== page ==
The ocean does not just make up the majority our planet; it makes up part of my soul as well. It is a magical transformation: the salty air nourishes my body and frees my breathing, allowing me to center almost immediately.
It seems like recently the environment of where we are living and the toxins stored there take my breath away. Literally. I hope to determine on this shore vacation if the toxins are my own manifestations, or that of the physical environment. Or perhaps they are my own projections of unresolved issues from my past in Life 2.0.
Timing can be a curious thing. In May of this year, I inhaled a significant amount of pollen and dust from the environment around my home. This occurred as my wife completed her treatments for breast cancer. Did this trigger a subconscious desire to get sick, just so I could be taken care of?
I also find it curious to know that to myself and others, I am not an “inflammation patient.” Despite suffering from inflammation since infancy thanks to dairy and genetically altered modern wheat festering within my body, as well as environmental toxins in Pittsburgh and other inland cities, I do not consider myself to have a disease, although this condition kills millions prematurely.
However, my wife and others that have grown cancers are forever labeled as “cancer patients.” We can always characterize ourselves by these trials and tribulations. Ultimately, inflammation responses in the body produce a disease that we can allow to define us, but I refuse to do that. At the end of the dark tunnel of disease, there is a light, which can actually teach us a thing or two.
When I was six I had pneumonia, and through the “miracle” of antibiotics, I was healed. At eight, I had my tonsils removed, and through the “miracle” of surgery, I was healed. At twenty-eight, I had a ruptured appendix, and through the “miracles” of surgery and antibiotics, I was healed.
Over the years that I lived in Pittsburgh, and then on airplanes, and then again in Pittsburgh, through the “miracle” of antibiotics three to twelve times a year for forty years, I was healed. I also had the pleasure of tossing down steroids a number of times in order to reduce inflammation. What is the common element in all of these diseases? Inflammation.
As part of my continuing journey, I removed wheat and dairy from my diet in 2012, and my health, specifically my inflammation levels in my body, drastically improved. That sinus-infection-free year-and-a-half of my life was well worth the sacrifice. And suddenly I had no need for “miracles”. Or so I thought.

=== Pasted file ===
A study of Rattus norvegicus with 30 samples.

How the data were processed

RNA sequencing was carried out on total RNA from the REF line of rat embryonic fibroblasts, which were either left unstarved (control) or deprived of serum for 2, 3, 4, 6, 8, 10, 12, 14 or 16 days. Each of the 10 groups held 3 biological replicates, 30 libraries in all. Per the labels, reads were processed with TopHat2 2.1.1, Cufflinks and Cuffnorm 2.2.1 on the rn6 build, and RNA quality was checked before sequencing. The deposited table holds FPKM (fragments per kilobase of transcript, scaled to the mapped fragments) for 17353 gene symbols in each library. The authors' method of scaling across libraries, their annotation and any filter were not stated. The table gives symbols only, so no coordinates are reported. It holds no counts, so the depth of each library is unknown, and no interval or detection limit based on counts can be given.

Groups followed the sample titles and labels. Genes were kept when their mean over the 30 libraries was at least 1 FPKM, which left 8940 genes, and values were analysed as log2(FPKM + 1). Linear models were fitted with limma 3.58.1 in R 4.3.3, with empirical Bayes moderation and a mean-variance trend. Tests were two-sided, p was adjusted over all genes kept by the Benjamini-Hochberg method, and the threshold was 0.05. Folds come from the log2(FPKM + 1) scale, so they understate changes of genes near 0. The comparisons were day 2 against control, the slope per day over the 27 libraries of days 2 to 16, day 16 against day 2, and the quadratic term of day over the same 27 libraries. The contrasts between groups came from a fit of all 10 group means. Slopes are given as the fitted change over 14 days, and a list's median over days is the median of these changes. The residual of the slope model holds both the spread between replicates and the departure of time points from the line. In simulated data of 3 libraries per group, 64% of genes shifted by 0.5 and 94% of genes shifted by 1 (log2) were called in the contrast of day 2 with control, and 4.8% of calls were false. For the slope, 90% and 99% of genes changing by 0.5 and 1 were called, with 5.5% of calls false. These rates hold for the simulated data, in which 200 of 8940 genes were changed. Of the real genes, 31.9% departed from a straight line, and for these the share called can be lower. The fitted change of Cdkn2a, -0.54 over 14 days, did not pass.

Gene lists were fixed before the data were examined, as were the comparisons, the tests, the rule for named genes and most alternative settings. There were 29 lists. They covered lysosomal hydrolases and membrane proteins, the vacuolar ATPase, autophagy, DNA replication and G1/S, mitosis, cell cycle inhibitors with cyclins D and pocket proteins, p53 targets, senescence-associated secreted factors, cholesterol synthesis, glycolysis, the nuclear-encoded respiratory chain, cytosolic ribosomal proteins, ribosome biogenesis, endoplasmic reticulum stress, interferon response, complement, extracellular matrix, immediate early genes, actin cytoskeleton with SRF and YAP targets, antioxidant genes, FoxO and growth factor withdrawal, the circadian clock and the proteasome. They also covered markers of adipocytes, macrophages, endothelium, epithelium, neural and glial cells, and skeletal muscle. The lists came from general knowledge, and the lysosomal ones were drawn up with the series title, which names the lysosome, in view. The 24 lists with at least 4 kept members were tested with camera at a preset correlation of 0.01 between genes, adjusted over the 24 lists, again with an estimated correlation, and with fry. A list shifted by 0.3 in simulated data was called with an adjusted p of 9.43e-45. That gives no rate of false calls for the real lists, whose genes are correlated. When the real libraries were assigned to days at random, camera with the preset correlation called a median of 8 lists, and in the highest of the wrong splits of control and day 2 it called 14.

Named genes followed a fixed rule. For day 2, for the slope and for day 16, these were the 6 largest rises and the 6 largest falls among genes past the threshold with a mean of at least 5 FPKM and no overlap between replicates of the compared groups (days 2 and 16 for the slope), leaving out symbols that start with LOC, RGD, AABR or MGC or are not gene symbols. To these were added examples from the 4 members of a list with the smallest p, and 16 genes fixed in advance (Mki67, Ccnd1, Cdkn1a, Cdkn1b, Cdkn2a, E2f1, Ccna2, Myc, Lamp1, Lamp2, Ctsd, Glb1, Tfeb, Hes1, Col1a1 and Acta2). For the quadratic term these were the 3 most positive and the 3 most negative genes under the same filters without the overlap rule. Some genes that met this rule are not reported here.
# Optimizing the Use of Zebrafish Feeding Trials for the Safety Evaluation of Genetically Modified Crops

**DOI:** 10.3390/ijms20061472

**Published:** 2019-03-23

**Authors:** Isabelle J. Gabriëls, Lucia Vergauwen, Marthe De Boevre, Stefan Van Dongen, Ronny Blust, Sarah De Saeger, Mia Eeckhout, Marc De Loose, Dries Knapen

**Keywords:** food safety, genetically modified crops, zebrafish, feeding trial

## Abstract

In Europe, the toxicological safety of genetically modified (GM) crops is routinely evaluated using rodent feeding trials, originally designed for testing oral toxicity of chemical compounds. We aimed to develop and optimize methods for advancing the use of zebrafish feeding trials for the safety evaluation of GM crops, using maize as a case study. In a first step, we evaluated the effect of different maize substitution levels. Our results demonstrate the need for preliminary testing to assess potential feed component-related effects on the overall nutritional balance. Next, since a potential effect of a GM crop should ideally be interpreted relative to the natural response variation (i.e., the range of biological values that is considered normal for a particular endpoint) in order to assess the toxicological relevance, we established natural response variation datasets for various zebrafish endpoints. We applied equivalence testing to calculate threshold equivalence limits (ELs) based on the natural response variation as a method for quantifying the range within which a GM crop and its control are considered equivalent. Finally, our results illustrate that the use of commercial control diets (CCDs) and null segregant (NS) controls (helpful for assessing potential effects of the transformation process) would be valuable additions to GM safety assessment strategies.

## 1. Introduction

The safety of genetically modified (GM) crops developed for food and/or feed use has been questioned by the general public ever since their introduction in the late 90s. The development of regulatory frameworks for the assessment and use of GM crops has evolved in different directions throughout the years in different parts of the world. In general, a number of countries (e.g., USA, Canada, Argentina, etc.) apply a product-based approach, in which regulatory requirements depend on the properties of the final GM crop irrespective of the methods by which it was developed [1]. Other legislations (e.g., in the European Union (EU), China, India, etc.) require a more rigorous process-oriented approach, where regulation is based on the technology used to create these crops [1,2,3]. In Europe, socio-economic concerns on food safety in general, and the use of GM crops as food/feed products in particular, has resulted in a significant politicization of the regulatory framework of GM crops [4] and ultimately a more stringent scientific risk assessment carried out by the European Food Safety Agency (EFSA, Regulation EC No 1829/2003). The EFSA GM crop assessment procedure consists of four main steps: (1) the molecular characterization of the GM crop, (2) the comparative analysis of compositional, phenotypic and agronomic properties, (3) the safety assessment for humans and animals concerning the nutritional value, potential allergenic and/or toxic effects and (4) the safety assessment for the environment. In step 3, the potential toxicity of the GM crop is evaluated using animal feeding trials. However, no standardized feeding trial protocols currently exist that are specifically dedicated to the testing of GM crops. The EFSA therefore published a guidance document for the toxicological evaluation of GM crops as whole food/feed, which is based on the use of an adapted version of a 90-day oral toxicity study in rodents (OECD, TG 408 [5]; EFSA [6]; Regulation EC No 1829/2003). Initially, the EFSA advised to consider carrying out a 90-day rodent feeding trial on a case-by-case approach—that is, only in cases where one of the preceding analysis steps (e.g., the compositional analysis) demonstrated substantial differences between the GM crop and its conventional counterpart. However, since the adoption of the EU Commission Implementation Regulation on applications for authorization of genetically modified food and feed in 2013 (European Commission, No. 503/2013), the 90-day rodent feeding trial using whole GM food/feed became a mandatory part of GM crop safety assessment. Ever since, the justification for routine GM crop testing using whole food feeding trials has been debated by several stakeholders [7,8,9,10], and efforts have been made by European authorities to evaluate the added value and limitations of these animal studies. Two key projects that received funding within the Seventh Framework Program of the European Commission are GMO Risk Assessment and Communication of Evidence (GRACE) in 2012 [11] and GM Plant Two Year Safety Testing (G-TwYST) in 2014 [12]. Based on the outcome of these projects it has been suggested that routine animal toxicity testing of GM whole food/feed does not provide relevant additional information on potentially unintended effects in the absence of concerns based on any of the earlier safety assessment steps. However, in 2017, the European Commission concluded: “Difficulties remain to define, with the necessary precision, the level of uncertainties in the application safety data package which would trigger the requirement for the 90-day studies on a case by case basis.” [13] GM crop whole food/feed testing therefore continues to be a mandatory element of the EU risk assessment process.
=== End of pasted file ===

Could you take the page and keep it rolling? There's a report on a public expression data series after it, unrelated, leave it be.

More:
So, on June second of this year, I found myself with an ear infection. Three antibiotics later and one dose of steroids later and I was almost symptom free. Key word: almost. The symptoms eventually returned. Proving to be a stubborn condition, the inflammation would not budge.
Refusing to let this uphill battle seize my life, I sought help from a naturally gifted healer: my chiropractor, who is able to tune into her patients at an energetic level. Taking it a step further, I also visited an acupuncture practitioner. With their help, my body began to heal itself and drain the fluids caused by my body’s natural inflammation response.
Hopefully, this week at the shore will put an end to this disease once and for all.
In Life 3.0, we do not have the ability to ignore our bodies any longer. In my case, I was born and raised on Long Island, and my body is used to the salty air and humidity of that environment. Unfortunately, I was also given dairy at birth and I am allergic to caisson – the protein in dairy.
We have a choice when we reach this stage of life. We can be defined by the labels of the disease, like cancer, or like the outcomes of chronic inflammation – including conditions like adult onset diabetes, cancer, heart disease, arthritis, and a plethora of other ailments, or we can change the way we eat and live to be on core with our own bio-individuality.
This blog entry is the first in a series of entries that will deal with how I use the food that I eat and my primary foods of career, spirituality, relationships and exercise in Life 3.0. Each Saturday, I will post a personal entry about my Life 3.0 experience.
Some will be reflections extracted from my gratitude journal that I started in December of last year as my wife began her cancer treatments and we changed our lives. For the most part, the entries will be current accounts of what’s happening now.
For now, I leave you with a question: When are you? I tell my clients to ask themselves three questions in order to center themselves for meditation. Who am I? What do I want? What is my purpose? The implicit answer to when am I, when we are centered, and when we meditate, is now.
With the stress of disease, I found that I am often not in the now, but in the drama of the past. Or wishing for a future. In truth, we only have the now. And for those of you with an illness, or living with someone with an illness: you are not your disease. You are beautiful. As another Fred in Pittsburgh always said, “I love you just the way you are.” Be now here and not nowhere.